Kevin Neeld — Hockey Training, Sports Performance, & Sports Science

Beta-Alanine Supplementation for Hockey Players

Today we have a guest post on beta-alanine supplementation for hockey players from Danielle LaFata, MA, RD, CSSD, CPT, who is one of the nutritionists that does a lot of work with hockey players at Athletes Performance. I’ve started recommending beta-alanine to more of our players at Endeavor and they love it. It seems to help them push through their conditioning work.

Enter Danielle:

“Hockey demands the need for quickness, agility, performing at a high intensity, quick recovery, muscular endurance as well as coordination and strength. Also, delaying the onset of fatigue is key to maintaining performance levels.  Fatigue can be classified through a decrease in energy stores such as ATP, phosphocreatine and glycogenic substrates as well as accumulation of metabolites for instance ADP, inorganic phosphate, hydrogen ions (H+), and magnesium.

During high intensity activities, such as hockey, the glycolytic and phosphagen systems are used resulting in metabolic breakdown products such as increases in hydrogen ions leading to metabolic acidosis.  When the body cannot clear the hydrogen ions quickly enough they bind with pyruvate to produce lactic acid.  Excessive increases in blood lactate have been shown to hinder performance with a concomitant decrease in coordination and skill.  Athletes are no stranger to the burning sensation brought on from lactic acid.  In order to help regulate lactic acid levels researchers have found a compound called carnosine, which can buffer this rise in hydrogen ions, thus increasing parameters such time to fatigue and VO2 max/oxygen uptake.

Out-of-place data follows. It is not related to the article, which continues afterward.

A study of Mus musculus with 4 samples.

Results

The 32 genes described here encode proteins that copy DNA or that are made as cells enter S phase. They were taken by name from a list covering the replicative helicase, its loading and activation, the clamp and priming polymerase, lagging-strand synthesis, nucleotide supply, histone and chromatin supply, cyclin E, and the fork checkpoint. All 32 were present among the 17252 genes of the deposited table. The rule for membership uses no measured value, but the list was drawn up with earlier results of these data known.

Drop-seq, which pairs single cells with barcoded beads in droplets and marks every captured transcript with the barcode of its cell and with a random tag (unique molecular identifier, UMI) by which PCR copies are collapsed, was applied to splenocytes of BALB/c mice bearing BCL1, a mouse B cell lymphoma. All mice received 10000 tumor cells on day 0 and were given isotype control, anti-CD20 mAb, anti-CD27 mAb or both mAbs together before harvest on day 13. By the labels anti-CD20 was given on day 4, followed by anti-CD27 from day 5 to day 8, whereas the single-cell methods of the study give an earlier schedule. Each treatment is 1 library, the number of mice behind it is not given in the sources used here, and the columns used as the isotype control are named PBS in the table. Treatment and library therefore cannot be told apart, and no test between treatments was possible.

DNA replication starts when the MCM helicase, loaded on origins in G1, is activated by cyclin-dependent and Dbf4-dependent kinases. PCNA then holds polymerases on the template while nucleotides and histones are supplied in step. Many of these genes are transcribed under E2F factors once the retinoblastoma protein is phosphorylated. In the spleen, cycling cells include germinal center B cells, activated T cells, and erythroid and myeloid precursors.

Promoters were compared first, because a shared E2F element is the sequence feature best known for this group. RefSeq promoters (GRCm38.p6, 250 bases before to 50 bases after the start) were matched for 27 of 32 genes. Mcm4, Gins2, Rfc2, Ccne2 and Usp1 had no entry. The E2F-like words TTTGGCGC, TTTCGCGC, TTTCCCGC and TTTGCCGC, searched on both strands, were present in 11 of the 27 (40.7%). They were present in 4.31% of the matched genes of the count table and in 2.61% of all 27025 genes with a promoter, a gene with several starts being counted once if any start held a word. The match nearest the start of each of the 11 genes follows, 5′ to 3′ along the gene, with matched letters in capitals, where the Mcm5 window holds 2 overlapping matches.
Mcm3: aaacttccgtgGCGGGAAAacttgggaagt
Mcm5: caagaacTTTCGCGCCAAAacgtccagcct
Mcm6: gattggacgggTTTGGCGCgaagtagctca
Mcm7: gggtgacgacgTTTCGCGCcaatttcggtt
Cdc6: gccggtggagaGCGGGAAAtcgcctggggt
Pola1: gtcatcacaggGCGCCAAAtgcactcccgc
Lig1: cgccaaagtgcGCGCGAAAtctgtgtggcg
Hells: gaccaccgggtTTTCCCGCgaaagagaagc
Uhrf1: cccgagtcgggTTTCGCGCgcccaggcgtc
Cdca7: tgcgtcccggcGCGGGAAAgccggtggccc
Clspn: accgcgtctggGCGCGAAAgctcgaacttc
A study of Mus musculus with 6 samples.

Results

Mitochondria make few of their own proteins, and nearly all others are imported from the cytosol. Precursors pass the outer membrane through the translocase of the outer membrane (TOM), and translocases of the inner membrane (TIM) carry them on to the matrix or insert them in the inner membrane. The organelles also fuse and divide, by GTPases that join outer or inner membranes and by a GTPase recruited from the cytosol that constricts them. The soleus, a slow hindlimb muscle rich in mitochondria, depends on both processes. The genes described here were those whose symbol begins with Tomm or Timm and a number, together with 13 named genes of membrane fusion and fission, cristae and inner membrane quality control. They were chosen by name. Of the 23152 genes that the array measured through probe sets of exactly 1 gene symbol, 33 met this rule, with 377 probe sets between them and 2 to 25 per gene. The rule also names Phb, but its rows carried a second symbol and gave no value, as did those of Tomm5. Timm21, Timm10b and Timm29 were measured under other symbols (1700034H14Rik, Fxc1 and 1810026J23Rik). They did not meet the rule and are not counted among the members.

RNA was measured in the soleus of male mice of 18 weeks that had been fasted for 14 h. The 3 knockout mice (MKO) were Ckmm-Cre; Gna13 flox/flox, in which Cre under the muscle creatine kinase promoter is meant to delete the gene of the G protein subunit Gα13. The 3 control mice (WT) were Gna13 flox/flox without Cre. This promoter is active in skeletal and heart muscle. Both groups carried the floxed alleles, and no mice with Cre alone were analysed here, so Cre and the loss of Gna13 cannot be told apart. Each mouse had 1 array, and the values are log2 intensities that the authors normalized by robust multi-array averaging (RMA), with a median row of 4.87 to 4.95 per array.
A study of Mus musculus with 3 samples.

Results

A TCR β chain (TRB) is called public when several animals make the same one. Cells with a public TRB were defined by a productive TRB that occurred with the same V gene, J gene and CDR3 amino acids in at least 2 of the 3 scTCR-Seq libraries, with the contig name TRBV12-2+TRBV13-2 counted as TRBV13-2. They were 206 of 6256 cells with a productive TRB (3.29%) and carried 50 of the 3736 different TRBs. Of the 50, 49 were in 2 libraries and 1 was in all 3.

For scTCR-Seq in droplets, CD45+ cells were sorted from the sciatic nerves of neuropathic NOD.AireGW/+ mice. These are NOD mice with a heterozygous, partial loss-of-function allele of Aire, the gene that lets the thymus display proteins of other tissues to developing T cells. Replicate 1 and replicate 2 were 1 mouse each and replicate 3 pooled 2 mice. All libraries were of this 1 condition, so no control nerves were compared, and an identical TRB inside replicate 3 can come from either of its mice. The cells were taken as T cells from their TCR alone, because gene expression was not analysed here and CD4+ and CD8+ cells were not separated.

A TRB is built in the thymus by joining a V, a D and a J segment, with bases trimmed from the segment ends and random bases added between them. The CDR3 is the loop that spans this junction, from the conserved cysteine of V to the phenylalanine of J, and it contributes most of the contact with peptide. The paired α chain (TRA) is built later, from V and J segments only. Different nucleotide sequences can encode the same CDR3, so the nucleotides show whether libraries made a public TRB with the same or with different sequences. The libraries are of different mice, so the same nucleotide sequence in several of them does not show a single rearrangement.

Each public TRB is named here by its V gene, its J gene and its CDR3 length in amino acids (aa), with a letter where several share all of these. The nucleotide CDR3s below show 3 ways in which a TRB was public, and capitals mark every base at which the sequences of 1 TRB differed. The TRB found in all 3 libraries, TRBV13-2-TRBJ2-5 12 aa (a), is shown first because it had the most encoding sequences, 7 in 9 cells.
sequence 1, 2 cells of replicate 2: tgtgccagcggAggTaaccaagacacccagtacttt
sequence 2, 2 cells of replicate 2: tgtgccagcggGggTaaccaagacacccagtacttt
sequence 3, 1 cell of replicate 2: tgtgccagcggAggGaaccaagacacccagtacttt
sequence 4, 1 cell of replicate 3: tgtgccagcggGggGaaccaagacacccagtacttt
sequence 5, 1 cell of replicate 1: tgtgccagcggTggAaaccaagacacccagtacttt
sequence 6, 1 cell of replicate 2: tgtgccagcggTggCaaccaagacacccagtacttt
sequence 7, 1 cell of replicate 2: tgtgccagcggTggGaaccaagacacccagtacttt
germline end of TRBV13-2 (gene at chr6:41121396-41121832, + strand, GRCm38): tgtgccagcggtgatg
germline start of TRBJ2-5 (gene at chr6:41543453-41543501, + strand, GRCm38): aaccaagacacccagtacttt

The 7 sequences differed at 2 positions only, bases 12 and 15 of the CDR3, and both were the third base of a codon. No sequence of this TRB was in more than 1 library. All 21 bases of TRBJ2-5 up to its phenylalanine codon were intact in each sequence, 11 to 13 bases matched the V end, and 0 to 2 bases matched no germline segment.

Carnosine is a di-peptide that is formed by the amino acids beta-alanine(BA) and histidine.  Not only has it been found to decrease hydrogen ion production, ultimately increasing pH levels, but also acts as an antioxidant, inhibits protein glycation and because of its hydrogen ion buffering it may augment excitation-contraction coupling improving work output.  Although it is carnosine that ultimately improves work capacity through the listed functions, it is the non-proteogenic amino acid, beta-alanine (BA), that needs to be consumed in order to increase intramuscular and plasma carnosine levels.

Although there are no studies to date on the use of beta-alanine on hockey players, we can deduce from the current literature that BA may be a beneficial ergogenic aid.  Many studies have shown oral doses of BA at 4-6 grams per day, in divided doses, improved total work done, time to exhaustion and VO2 max.  There have also been a few studies showing benefits on performance when combining beta-alanine and creatine.  However, BA needs to be taken for a minimum of 30 days, in order for carnosine to saturate the muscle and be effective.  The beta-alanine we use and find effective is a brand called Carnosyn® and comes in tablet form. “

References
Zoeller RF, et al. Effects of 28 days of beta-alanine and creatine monohydrate supplementation on aerobic power, ventilatory and lactate thresholds, and time to exhaustion.  Amino Acids. 2007;33:505-510.
Smith AE, et al.  Effects of beta-alanine supplementation and high-intensity interval training on endurance performance and body composition in men; a double-blind trial. JISSN. 2009;6:5.

Hoffman JR, et al.  Short-duration β-alanine supplementation increases training volume and reduces subjective feelings of fatigue in college football players. Nutr Res. 2008;28:31-35.

Stout JR, et al.  Effects of 28 days of beta-alanine and creatine monohydrate supplementation on the physical working capacity at neuromuscular fatigue threshold.  J Str Cond Res.  2006;20:4.

Hill CA, et al.  Influence of b-alanine supplementation on skeletal muscle carnosine concentrations and high intensity cycling capacity.  Amino Acids.  2007;32:225-233.


Kevin Neeld Knows Hockey

Kevin has rapidly established himself as a leader in the field of physical preparation and sports science for ice hockey. He is currently the Head Performance Coach for the Boston Bruins, where he oversees all aspects of designing and implementing the team’s performance training program, as well as monitoring the players’ performance, workload and recovery. Prior to Boston, Kevin spent 2 years as an Assistant Strength and Conditioning Coach for the San Jose Sharks after serving as the Director of Performance at Endeavor Sports Performance in Pitman, NJ. He also spent 5 years as a Strength and Conditioning Coach with USA Hockey’s Women’s Olympic Hockey Team, and has been an invited speaker at conferences hosted by the NHL, NSCA, and USA Hockey.